For those of us of a certain age, the sad and tragic debacle that has been unfurling in Afghanistan this past week is deja vu all over again.
We have seen variations of this theme over the course of 60 years of our interventions into the civil wars of other nations. There was the ill-fated, American-backed Bay of Pigs invasion of Cuba in 1961; the fall of Saigon in 1975; the 1984 withdrawal of American forces from a multinational peacekeeping force in Lebanon after suicide bombers killed 220 Marines, 18 sailors, and three soldiers, in their barracks in Beirut; the misadventure into Somalia in the early 1990s; the total debacle of the war in Iraq; and now, the ignomious conclusion of our 20-year involvement in Afghanistan.
Presidents of both parties have been at the helm of these various incursions into the internal affairs of other nations, only to preside over humiliating and costly defeats. Three generations of American political and military leaders have not learned the lessons from these unsuccessful endeavors and therefore have been condemned to repeat the mistakes of their predecessors.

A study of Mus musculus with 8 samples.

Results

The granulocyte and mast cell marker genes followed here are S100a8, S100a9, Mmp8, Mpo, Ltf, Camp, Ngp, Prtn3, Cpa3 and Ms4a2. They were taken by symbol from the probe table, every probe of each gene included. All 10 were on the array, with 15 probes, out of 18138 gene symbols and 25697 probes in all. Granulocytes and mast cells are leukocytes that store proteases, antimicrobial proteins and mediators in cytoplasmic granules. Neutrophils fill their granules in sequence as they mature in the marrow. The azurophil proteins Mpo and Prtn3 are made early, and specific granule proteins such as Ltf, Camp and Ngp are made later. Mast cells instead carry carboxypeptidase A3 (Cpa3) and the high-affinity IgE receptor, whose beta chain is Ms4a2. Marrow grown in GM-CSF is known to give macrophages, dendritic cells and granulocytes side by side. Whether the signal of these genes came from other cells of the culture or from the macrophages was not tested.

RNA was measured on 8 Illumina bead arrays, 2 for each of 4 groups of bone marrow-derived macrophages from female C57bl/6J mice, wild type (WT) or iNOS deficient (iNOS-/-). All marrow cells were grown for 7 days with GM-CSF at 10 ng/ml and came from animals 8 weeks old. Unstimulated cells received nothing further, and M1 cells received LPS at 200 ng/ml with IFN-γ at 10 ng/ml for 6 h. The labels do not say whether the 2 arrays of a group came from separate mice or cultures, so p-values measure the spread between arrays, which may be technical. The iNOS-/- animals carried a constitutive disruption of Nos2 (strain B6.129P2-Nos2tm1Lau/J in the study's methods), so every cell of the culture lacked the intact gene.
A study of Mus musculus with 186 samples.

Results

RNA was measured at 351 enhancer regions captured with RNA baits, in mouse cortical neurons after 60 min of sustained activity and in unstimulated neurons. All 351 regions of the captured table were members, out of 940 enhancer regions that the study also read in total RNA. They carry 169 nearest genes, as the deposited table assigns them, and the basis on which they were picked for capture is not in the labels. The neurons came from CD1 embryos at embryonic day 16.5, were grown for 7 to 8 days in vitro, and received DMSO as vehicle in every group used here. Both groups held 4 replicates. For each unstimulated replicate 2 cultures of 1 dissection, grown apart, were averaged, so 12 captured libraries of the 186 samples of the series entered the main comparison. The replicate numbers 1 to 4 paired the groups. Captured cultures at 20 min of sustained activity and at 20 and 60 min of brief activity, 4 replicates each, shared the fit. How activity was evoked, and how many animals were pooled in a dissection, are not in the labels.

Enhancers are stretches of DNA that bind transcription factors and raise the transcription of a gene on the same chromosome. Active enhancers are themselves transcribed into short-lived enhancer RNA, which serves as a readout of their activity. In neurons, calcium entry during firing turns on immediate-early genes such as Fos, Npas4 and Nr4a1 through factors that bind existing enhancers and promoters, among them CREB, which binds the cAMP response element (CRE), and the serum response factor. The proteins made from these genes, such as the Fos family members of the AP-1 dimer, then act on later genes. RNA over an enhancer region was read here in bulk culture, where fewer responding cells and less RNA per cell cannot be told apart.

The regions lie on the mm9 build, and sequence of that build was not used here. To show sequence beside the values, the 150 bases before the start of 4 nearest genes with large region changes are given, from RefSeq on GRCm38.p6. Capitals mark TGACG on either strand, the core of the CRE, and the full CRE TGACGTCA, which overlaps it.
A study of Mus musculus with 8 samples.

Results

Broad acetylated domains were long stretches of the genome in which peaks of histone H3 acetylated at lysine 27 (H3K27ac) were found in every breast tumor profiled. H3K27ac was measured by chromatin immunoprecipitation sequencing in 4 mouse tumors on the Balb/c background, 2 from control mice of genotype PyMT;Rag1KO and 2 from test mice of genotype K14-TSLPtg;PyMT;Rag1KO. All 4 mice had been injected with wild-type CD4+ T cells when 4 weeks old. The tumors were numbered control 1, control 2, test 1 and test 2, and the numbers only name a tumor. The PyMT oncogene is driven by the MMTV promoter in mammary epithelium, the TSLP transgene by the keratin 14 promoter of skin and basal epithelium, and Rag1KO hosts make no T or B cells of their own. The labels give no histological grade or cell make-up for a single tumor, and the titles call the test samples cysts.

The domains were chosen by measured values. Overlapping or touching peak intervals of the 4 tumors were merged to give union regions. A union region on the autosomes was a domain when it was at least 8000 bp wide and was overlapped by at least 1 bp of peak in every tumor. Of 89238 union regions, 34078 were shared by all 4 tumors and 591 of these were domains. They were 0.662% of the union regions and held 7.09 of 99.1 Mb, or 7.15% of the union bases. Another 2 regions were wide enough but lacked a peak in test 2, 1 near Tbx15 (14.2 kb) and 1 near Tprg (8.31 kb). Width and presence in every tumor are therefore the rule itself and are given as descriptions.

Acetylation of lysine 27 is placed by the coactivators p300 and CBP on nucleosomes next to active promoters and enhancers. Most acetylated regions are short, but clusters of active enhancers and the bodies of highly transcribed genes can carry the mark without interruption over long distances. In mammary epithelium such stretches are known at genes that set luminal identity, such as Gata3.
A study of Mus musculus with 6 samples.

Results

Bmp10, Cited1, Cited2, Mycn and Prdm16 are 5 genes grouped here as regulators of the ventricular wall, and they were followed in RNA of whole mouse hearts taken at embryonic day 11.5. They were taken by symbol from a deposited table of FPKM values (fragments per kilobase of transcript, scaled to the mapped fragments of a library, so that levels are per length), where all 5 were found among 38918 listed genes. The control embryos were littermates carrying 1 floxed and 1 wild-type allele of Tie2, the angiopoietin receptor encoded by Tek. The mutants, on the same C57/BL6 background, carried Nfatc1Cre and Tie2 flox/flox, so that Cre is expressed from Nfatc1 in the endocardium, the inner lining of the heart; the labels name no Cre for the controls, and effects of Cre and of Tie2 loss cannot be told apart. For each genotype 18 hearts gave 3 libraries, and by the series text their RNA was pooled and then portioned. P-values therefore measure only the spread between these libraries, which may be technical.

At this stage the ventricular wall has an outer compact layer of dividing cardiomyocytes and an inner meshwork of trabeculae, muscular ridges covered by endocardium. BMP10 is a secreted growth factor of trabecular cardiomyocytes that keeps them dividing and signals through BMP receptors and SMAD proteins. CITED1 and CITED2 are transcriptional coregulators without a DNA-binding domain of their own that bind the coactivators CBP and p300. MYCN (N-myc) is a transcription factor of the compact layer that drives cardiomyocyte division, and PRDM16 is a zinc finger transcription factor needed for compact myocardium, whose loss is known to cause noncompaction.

We invaded Afghanistan in the aftermath of 9/11 expressly to root out the al-Qaeda terrorists in the safe haven that they had been given by the Taliban. We accomplished that goal quickly and decisively.
Somehow however, the mission morphed into one of nation-building Afghanistan into a Western-style democracy. When the facts come out about how and why this transformation happened, we have no doubt that they will show that the cabal of the military-industrial complex, with the added wrinkle of the influence of the plethora of so-called “private contractors,” proved to be the chief architects of our policy in Afghanistan.
Even in the best of circumstances, people generally do not want soldiers from another country becoming involved in their civil matters. No amount of military might is going to persuade people from achieving their own national goals — we cannot force other nations to accept our values.
Yes, we’re saddened at contemplating the fate of women and our Afghan supporters under the Taliban. And we’re disappointed that the Biden administration did not have better contingency plans to factor in the swift takeover of the country by the Taliban.
The lessons of the past should have taught us that our intervention in Afghanistan never was going to end well. But it did have to end, for better or worse.